Year 11+ exam is one of the most important exams your child will do if you want them to join an illustrious grammar school.
Getting your child ready for the exam and ensuring they pass should be a priority. But passing the exam is more than just knowing the material. Sometimes, the student has to make some extra effort to give them an edge over the thousands of others competing for the same spot. Here is what you need to know about passing the 11 Plus exam.
Find Out What Exam Board Will Administer the Test
Your first challenge will be to find out which board will administer the test. It shouldn’t be hard considering there are only two boards that administer the test; The Centre for Evaluation and Monitoring (CEM) and Granada Learning.
The board that administers the tests depends on where you live. Typically, the format for the tests from each board is similar, but there are differences in the material, which is why it’s critical to know the board so you can determine which material your child will need to start.
Start preparations early
It’s easy to get caught up and push preparations for the exam until it is too late. Getting started on revisions and preparations early is critical and could give the child an edge.
A study plan is a great place to start. You should have it months in advance will give your child plenty of time to identify and work on their weaknesses and strengths.
Most parents get carried away with the preparations and overload the child with too much study. Space out the learning into small chunks over a long time. That way, your child doesn’t become overwhelmed.
10–11-year-olds have a concentration span of around 30 minutes. Your structured study plan should be about half an hour long per night is all your child needs.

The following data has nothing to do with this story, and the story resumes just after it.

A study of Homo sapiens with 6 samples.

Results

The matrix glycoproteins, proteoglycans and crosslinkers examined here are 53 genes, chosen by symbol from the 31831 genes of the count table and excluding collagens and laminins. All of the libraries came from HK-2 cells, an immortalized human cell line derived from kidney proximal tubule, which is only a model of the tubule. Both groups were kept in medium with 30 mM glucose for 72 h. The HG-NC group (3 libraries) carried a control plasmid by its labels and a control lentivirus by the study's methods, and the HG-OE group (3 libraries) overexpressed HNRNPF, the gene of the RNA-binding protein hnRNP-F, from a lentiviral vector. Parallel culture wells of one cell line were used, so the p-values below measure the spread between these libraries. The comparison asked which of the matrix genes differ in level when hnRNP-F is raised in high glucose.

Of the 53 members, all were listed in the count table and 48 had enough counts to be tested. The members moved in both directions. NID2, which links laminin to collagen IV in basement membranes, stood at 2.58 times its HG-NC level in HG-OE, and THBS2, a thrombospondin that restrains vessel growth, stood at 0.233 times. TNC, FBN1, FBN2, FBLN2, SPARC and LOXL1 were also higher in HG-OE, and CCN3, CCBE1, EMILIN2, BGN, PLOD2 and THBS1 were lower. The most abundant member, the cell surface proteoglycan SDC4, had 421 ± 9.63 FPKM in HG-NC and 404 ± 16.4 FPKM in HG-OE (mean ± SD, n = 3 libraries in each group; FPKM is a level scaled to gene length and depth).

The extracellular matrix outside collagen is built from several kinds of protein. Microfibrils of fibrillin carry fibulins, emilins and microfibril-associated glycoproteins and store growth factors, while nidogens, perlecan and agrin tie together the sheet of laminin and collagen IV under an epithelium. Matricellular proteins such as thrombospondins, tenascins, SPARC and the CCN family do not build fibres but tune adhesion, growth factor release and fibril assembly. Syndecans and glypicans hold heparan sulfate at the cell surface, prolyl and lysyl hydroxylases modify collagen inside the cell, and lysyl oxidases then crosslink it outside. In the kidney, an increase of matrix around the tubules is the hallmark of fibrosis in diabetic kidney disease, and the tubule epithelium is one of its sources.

Cover all your grounds
Regardless of the exam board that administers the test, your child will be tested on the same subjects: English, Verbal and Non-Verbal reasoning, and maths. The schedule you put together should cover each subject comprehensively.
The English exam will cover the following;
- Sentence structure
It’s important that your child practices on all these subjects comprehensively in both writing and reading.
In non-verbal reasoning, the child is tested on shapes and spatial awareness. Studying mirror images, maths games and using objects to master addition and subtraction will help prepare your child for this section.
For the verbal section of the exams, there are different types of possible questions. While studying, focus on building vocabulary. Practice papers are an excellent resource to help your child improve their verbal reasoning skills.
For the maths section of the exam, the child will need to have good numeracy and math concept skills. Covering the Key Stage 2 Maths curriculum should help students cover all their bases.
Focus on practising both question formats
There are two question formats covered in the 11 Plus exam. There are multiple-choice and standard questions.
In multiple-choice, the child is expected to select the correct answer from several options. The standard format requires written responses.
Your child should practice both question formats, especially if they are both tested by the school that the child is applying to. Don’t assume that multiple-choice questions are easy, it’s a mistake most parents make and often regret. Be sure to work on both equally.
Build a support network
Parents who have already gone through the 11 Plus exams are an excellent resource. They can provide you with the best advice on what to expect during the exams. You don’t have to know such parents on a personal basis; there are forums where parents share vital information about the exams that could help you prepare your child better.
Some of the information you can get include what the examiners test, what the pass mark is and how many spots the schools are offering.
Hire a private tutor
Hiring a tutor shouldn’t be a last-minute consideration. Most tutors have probably helped a child or two prepare for their 11 Plus exam and will most likely do an exceptional job with yours.
With a private tutor, your child will get undivided attention from someone with experience and skill in this area. Finding a good tutor can be hard, so starting the search early will save you from a last-minute rush and give you a better chance of getting a good tutor.
Tutors are particularly important if you can’t dedicate enough time to your child. They also ensure consistency, and through training, they can better help your child work on their weak areas.
The Bottom Line
As a parent, the pressure to pass the 11+ exams is as high as it is on your child. Helping them succeed is as important as the passing. Using these tips will help you do a better job at helping your child prepare for the exam.